Reflection: Pacing Comprehension Check: "Drawn to the Loadstone Rock" - Section 1: Whole Class Reading and Discussion: Book 2, Chapter 24

 

I was a little worried about how well the students would remember what they read prior to their break. Part of my pacing plan was to make it so that they had to read a little over the break, which I hoped would help them to keep the book in mind, even if they weren't reading it/discussing it every day.

I had a few kids who were right with me in the discussion. I had a lot of kids who were staring blankly. And then I had the rest who were somewhere in between =).

Reading this chapter out loud ended up taking all of the time, which was only 30 minutes due to our short schedule, but that still seemed like too long for me. Part of the problem was the length of the chapter, but part of the pacing issue was my need to stop more frequently and help (drag) the students towards some connections.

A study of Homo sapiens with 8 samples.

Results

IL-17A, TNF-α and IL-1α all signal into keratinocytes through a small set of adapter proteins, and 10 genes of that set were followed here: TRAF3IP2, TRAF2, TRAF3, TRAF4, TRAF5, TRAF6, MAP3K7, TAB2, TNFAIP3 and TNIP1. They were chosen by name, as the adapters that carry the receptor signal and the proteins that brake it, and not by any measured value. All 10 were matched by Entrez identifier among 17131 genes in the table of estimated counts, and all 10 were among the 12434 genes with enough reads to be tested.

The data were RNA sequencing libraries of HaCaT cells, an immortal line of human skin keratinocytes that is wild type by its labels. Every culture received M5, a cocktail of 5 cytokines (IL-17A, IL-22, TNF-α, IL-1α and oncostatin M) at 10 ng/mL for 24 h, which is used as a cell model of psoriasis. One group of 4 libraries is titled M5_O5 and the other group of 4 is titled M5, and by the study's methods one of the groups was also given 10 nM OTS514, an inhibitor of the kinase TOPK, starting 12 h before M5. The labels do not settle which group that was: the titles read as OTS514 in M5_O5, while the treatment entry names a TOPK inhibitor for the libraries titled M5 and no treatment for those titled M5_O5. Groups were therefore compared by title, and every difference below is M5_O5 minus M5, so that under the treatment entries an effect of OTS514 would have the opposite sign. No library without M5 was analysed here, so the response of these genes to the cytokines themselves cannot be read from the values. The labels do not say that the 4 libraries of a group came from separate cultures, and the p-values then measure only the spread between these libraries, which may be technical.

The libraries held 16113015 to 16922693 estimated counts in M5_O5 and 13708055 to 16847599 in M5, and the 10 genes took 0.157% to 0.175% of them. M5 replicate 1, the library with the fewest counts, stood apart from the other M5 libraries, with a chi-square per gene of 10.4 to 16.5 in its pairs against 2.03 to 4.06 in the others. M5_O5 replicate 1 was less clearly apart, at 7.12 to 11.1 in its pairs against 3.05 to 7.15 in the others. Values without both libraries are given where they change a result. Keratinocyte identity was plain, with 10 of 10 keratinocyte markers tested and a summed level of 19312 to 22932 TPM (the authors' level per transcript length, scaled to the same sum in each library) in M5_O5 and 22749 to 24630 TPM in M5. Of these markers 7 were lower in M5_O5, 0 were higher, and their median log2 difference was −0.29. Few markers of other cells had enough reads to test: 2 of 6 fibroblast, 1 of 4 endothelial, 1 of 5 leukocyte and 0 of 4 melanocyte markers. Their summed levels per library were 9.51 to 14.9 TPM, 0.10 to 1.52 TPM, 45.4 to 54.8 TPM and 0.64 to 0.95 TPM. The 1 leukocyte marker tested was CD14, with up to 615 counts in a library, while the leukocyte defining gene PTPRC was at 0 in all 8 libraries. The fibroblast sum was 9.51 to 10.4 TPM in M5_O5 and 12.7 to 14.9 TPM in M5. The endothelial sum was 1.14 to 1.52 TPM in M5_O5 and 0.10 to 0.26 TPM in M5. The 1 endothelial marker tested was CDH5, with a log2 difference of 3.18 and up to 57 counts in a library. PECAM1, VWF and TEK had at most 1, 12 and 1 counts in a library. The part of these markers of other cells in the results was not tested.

I think it was probably good to take this solid chunk of time to be immersed in the text prior to my assessing them about their comprehension. Hopefully, my encouragement and their awareness of what they didn't remember will inspire them to review tonight. In the long run, I think they'll be fine and I am excited to move forward with the text because this is where students typically start to enjoy the novel more.

  Bridging Gaps in Instructional Time
  Pacing: Bridging Gaps in Instructional Time

Unit 9: Literary: Analysis of Narrative Style in A Tale of Two Cities
Lesson 2 of 9

Objective: SWBAT engage in text based discussion by reading and orally analyzing chapter 24 of the second book of A Tale of Two Cities.

Big Idea: The revolution has begun. Where does that leave our characters?